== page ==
Last Updated: Tuesday, 24 May 2016, 11:51 GMT

Internal Displacement: Global Overview of Trends and Developments in 2010 - Guatemala

Publisher Norwegian Refugee Council/Internal Displacement Monitoring Centre (NRC/IDMC)
Publication Date 23 March 2011
Cite as Norwegian Refugee Council/Internal Displacement Monitoring Centre (NRC/IDMC), Internal Displacement: Global Overview of Trends and Developments in 2010 - Guatemala, 23 March 2011, available at: [accessed 25 May 2016]
DisclaimerThis is not a UNHCR publication. UNHCR is not responsible for, nor does it necessarily endorse, its content. Any views expressed are solely those of the author or publisher and do not necessarily reflect those of UNHCR, the United Nations or its Member States.

Quick facts
Number of IDPsUndetermined
Percentage of total populationUndetermined
Start of current displacement situation1980
Peak number of IDPs (Year)1,500,000 (1983)
New displacementUndetermined
Causes of displacementArmed conflict, generalised violence, human rights violations
Human development index116

The long conflict between government forces and insurgents grouped under the Guatemalan National Revolutionary Unity ended in 1996 and left between 500,000 and 1.5 million people internally displaced across Guatemala, many of them in the shanty towns of the capital, Guatemala City. 14 years after the end of the conflict, little was known about the number and situation of remaining IDPs, but the country's widespread poverty and the additional difficulties associated with forced displacement suggested that many people had been unable to rebuild their lives and livelihoods.

Drug cartel and gang violence has reportedly continued to cause displacement, but systematic figures have not been gathered. It is thought that people have been forced to flee from one poor urban neighbourhood to another. In Ciudad Quetzal, an impoverished neighbourhood of Guatemala City, it was reported that owners had abandoned their homes in 2010 to escape violence and threats from gangs. Community leaders in Villa Nueva near Guatemala City have estimated that five per cent of families there have had to resettle after they failed to pay the illegal taxes imposed by those groups.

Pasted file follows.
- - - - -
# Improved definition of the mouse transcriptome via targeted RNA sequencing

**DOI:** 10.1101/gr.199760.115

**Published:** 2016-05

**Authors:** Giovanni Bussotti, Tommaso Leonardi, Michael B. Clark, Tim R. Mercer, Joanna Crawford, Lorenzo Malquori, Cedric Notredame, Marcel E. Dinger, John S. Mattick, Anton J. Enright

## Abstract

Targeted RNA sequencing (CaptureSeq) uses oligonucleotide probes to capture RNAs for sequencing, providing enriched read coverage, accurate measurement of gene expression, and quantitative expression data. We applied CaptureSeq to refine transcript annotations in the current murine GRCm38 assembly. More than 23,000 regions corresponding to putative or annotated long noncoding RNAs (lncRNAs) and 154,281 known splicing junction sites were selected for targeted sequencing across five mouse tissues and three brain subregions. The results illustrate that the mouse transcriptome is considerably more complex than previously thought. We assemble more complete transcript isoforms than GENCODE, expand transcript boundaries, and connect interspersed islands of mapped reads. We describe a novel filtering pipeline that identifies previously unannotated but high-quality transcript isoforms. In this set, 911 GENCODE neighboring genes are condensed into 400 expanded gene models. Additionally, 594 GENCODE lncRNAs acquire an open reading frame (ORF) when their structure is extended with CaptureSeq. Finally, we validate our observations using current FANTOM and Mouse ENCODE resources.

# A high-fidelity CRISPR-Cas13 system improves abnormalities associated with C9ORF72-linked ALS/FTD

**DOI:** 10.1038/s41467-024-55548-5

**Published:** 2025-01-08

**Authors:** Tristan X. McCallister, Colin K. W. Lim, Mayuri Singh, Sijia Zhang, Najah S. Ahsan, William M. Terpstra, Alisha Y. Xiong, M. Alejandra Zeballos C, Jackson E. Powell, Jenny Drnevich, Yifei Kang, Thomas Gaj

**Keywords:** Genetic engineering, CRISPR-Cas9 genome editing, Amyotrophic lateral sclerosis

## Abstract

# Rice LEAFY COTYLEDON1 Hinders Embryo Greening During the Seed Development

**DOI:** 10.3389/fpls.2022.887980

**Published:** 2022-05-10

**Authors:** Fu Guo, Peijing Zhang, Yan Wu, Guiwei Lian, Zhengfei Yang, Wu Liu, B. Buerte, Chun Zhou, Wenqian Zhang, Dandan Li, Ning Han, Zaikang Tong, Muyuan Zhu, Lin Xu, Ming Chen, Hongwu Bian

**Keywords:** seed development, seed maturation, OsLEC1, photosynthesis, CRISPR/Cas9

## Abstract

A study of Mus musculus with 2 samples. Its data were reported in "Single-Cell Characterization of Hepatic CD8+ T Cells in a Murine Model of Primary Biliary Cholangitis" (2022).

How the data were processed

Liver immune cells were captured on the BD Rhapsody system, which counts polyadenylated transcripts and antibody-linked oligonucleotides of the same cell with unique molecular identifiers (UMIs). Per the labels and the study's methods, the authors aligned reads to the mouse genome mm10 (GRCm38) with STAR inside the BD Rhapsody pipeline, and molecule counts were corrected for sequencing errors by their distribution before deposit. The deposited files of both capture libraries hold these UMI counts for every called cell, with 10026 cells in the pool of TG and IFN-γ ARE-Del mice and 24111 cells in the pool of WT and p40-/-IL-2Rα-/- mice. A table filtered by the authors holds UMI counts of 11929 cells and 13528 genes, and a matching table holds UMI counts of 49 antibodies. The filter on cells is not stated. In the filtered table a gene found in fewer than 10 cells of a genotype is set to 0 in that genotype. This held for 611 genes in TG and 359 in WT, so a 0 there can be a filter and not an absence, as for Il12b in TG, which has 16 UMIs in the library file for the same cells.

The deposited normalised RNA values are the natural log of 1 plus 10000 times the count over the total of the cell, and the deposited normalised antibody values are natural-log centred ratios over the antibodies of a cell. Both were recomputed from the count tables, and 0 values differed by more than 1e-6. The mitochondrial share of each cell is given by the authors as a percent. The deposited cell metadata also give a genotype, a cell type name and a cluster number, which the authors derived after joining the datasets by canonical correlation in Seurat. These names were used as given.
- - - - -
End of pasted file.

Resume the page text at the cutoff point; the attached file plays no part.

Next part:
A growing number of Guatemalans have requested asylum in other countries in recent years, particularly in the United States, and according to UNHCR's latest available figures, some 9,000 asylum applications were pending globally in 2009.

Guatemala has been unable to build strong institutions and provide security for its citizens, and IDPs have not received any specific support. The country faces a growing threat from organised crime and corruption, and in 2010, the UN's International Commission Against Impunity in Guatemala, established in 2007 to help the country fight crime and corruption, had its mandate renewed by the UN General Assembly until 2013.